Earlier this month, a Tesla parked at a wrecking yard in California went up in flames. The car had been in an accident and was about to be dismantled.
For firefighters in Sacramento, it was their first time handling an incident involving a Tesla. They were able to extinguish the flame once but the car's battery kept reigniting.
"The Tesla was moved on its side to gain access to the battery compartment underneath," the Sacramento fire department said in an Instagram post. "Even with direct penetration, the vehicle would still re-ignite due to the residual heat."
Crews arrived to our first Tesla fire. It was involved in an accident 3 wks ago, and was parked in a wrecking yard. Crews knocked the fire down but it kept reigniting/off-gassing in the battery compartment. Crews created a pit, placed the car inside, and filled the pit with water pic.twitter.com/Lz5b5770lO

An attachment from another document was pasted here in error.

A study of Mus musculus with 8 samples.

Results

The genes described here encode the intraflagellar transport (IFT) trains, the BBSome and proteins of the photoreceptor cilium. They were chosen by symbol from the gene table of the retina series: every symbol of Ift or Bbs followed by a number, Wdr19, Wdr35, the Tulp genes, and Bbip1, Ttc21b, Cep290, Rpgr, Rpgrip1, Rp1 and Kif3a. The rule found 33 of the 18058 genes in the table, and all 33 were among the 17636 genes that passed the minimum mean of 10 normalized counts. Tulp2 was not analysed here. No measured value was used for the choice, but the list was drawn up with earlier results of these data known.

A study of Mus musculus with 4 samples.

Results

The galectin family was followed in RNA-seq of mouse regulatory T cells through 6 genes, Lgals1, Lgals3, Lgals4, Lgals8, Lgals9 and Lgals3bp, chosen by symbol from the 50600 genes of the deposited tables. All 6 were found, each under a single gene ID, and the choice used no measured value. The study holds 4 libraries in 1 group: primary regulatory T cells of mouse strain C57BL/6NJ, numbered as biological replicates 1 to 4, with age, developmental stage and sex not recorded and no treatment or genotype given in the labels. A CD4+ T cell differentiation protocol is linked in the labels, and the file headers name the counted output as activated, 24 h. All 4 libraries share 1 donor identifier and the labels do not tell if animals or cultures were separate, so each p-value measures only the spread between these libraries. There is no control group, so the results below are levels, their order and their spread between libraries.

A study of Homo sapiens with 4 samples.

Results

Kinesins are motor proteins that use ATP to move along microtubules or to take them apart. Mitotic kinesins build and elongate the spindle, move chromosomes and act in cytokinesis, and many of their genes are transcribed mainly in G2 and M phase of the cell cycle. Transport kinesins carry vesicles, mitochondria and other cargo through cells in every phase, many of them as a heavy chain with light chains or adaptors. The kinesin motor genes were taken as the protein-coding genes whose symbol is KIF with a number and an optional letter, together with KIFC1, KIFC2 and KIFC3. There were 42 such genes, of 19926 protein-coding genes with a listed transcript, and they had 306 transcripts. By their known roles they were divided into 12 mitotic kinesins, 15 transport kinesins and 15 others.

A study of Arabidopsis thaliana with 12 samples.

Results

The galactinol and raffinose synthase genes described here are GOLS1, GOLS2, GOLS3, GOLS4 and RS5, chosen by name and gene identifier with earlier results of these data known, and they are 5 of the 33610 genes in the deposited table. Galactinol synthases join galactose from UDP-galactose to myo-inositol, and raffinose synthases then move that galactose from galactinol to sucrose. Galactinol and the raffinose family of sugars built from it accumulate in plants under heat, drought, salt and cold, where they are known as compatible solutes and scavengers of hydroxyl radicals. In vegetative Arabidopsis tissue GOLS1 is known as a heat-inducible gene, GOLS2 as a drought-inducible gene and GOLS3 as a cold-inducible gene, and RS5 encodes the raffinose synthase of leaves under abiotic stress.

— Metro Fire of Sacramento (@metrofirepio) June 12, 2022
The firefighting team was compelled to try a different method. Using a tractor, they dug up a pit, put the car in it and filled it with water.
Submerging the battery pack in water helped extinguish the blaze.
"The pit ultimately reduced the total amount of water needed, estimated at 4500 gallons, and limited the runoff of contaminated water," the fire department added. "The vehicle was fully extinguished, and no injuries were reported."
Firefighters were unclear about what led to the blaze.
With more EV vehicle owners keeping battery chargers in their garages, the fire department is preparing to handle an increasing number of incidents, the Washington Post reported“This is a whole new animal for the fire service,” Parker Wilbourn, a spokesperson for the Sacramento department told the newspaper. “We’re still trying to wrap our heads around the (electric vehicle) fires.”